How to Protect Yourself Financially Before Marriage
Often, people planning to get married do not think about how to best protect themselves financially before the marriage. Marriage is intended to be lifelong but the reality is approximately 40% of marriages in Canada end in separation and divorce. You may not want to think of the possibility of the upcoming marriage ending in the future but you should be prudent in planning ahead of time to minimize risk and protect your finances.
If you and your spouse end up separating and/or divorcing, a division of property and equalization payment may ensue. Under the Family Law Act, the net family property (NFP) of each spouse is calculated by finding his or her net worth on the date of separation (the valuation date) and subtracting his or her net worth on the date of marriage, excluding all forms of excludable income or property gained over the course of the marriage. The spouse with the lesser NFP is entitled to one-half the difference between the spouses’ NFPs (equalization of NFP).
You should negotiate and draft a marriage contract, known colloquially as a prenuptial agreement, before the marriage. Think of such a contract as akin to insurance – a plan to protect yourself for the worst case scenario.
A marriage contract may make sense for you, especially if you have more than nominal assets, are entering into a second marriage, or want to protect assets derived from your parents or family. The FLA recognizes that spouses may want to organize the division of assets in their own way. Property set out and agreed upon in a marriage contract can be excluded from a spouse’s net family property should separation occur later.
To be legally binding, a marriage contract must be in writing, signed by both spouses and by two witnesses. Full frank financial disclosure should also be exchanged prior to the execution of the marriage contract.
Note that the statutory scheme regarding net family property and equalization does not apply to common-law couples. If common-law couples don’t have joint legal title to property, there is no statutory protection for the property. Common-law couples could resort to trust law principles that can recognize interests in property based on fairness but this is much more expensive to litigate. Therefore, common law couples should enter into a cohabitation agreement which can become a marriage contract if and when the parties marry.
The matrimonial home is treated differently in regards to marriage date deductions from the NFP calculation. A home that was owned pre-marriage and is the matrimonial home on the date of separation cannot be deducted from the NFP calculation as a date of marriage asset. To be able to have your pre-marriage property deducted as a date of marriage asset, it has to no longer be the matrimonial home on the date of separation. Move elsewhere with your spouse before the date of separation to be able to have your pre-marriage home as a marriage date deduction in the NFP calculation.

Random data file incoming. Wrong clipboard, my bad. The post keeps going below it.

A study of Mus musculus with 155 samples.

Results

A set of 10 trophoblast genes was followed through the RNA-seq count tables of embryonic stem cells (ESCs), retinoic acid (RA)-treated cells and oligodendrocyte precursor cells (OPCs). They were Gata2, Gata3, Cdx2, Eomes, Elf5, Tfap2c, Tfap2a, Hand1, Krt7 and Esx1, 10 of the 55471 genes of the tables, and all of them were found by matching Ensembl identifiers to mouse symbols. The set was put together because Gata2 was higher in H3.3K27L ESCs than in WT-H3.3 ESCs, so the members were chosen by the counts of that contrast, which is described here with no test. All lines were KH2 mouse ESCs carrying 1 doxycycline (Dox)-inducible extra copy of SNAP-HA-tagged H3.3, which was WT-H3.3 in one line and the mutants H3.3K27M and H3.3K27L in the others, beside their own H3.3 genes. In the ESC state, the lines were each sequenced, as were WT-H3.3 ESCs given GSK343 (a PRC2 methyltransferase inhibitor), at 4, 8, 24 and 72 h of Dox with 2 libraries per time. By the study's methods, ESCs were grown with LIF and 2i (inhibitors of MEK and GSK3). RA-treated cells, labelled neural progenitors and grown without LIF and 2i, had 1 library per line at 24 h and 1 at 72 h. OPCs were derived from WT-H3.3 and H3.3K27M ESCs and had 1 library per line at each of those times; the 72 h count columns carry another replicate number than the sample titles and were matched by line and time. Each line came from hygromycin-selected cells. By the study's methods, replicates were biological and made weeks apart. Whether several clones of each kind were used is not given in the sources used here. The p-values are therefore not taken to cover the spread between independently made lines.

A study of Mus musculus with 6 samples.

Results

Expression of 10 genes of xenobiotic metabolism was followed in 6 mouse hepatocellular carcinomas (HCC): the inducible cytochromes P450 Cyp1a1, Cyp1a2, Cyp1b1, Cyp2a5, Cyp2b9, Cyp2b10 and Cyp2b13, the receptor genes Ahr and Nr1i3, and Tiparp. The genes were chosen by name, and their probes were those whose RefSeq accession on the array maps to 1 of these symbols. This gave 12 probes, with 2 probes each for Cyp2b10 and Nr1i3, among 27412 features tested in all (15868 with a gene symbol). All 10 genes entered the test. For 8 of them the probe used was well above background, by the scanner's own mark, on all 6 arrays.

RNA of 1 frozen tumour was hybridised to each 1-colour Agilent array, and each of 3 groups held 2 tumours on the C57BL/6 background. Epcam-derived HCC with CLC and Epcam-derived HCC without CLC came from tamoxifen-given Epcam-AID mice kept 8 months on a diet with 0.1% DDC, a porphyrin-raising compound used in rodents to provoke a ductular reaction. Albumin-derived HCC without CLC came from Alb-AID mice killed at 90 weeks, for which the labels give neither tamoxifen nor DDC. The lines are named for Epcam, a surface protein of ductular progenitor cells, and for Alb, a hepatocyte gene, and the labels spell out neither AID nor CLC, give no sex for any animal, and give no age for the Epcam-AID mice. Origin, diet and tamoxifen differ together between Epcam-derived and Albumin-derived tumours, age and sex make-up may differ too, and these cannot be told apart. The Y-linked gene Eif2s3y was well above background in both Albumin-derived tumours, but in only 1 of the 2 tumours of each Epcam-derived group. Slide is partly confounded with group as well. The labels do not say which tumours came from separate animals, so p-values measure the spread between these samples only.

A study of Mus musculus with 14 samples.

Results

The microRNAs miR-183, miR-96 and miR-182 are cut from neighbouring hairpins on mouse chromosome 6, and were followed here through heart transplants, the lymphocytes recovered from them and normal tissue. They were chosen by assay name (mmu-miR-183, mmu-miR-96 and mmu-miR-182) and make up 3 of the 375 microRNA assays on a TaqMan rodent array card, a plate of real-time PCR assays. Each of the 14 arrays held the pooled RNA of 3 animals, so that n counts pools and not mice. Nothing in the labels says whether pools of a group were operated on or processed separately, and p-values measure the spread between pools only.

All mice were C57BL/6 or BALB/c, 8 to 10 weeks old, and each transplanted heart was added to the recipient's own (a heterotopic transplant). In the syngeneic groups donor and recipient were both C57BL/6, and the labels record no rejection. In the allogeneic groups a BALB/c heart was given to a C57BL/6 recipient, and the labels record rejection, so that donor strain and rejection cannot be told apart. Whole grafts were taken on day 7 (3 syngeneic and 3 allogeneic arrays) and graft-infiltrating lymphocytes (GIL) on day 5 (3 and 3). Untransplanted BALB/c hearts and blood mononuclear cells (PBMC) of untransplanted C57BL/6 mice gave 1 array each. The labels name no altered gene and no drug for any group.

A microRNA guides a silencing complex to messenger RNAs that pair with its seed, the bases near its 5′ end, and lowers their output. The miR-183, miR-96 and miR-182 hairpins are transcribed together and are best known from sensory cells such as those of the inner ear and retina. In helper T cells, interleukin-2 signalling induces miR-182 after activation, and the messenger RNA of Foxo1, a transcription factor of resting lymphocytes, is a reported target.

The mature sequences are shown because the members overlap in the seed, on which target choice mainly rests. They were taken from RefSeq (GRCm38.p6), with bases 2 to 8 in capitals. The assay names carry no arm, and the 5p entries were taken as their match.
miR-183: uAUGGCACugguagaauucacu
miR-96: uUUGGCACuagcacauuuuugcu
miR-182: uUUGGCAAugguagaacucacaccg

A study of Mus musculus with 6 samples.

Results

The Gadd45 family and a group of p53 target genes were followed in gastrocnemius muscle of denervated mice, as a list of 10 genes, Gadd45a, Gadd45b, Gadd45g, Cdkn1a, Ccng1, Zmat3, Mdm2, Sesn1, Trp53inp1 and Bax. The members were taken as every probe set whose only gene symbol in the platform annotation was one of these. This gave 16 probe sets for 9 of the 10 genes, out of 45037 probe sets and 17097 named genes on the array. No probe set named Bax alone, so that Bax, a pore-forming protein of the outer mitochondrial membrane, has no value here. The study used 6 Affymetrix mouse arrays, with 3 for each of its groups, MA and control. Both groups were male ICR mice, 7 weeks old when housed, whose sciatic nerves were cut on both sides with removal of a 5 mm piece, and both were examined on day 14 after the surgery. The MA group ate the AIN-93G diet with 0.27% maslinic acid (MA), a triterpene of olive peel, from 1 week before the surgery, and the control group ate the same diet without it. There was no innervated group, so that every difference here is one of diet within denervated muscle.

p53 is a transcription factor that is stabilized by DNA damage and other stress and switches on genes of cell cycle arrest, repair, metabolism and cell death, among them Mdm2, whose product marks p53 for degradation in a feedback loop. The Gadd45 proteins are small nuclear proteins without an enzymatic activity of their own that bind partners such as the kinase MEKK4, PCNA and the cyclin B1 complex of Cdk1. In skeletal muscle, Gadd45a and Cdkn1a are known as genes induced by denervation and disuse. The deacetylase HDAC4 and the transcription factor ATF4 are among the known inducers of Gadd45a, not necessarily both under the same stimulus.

Inheritances and Gifts
Inheritances and gifts received during the marriage from third parties are exempt from the calculation of net family property if you are able to show that the inheritance or gift is still in existence at the date of separation. The value of the inheritance or gift at the date of separation will be excluded from the NFP, not the original value (this is true whether the value increases or decreases). An inheritance or gift that is cash should be kept separate so that it is traceable. If the money is placed in your regular bank account, it will be mixed with the rest of your funds as they are spent over time and you will no longer be able to show the portion of the account traced to the inheritance or gift. If the money is placed in a joint account or used to purchase property in both spouses’ names, even if it is traceable, you will only be able to exclude one half as the other half is seen as a gift to your spouse, pursuant to s.14 of the Family Law Act save and except for some exceptional circumstances.
To protect an inheritance or gift from your spouse, you should not put the money towards the matrimonial home and if the inheritance or gift is a home, you should not move into it. You will not be able to exclude the inheritance or gift from the net family property calculation if you use the funds for mortgage payments or renovations on the matrimonial home, or if you use it for a down payment on a matrimonial home.
Note that income from an inheritance or gift (i.e. rental income from a rental property) is not excluded unless the person giving it indicates in writing that the income from the inheritance is also to be part of the inheritance and excluded from the net family property. Otherwise, the income from an inheritance or gift will be included in your date of separation assets.
The pre-marriage value of an inheritance or gift can be deducted from your net family property, as other pre-marriage assets would be as it will not be considered an inheritance but it will be a date of marriage deduction the same as any other date of marriage asset.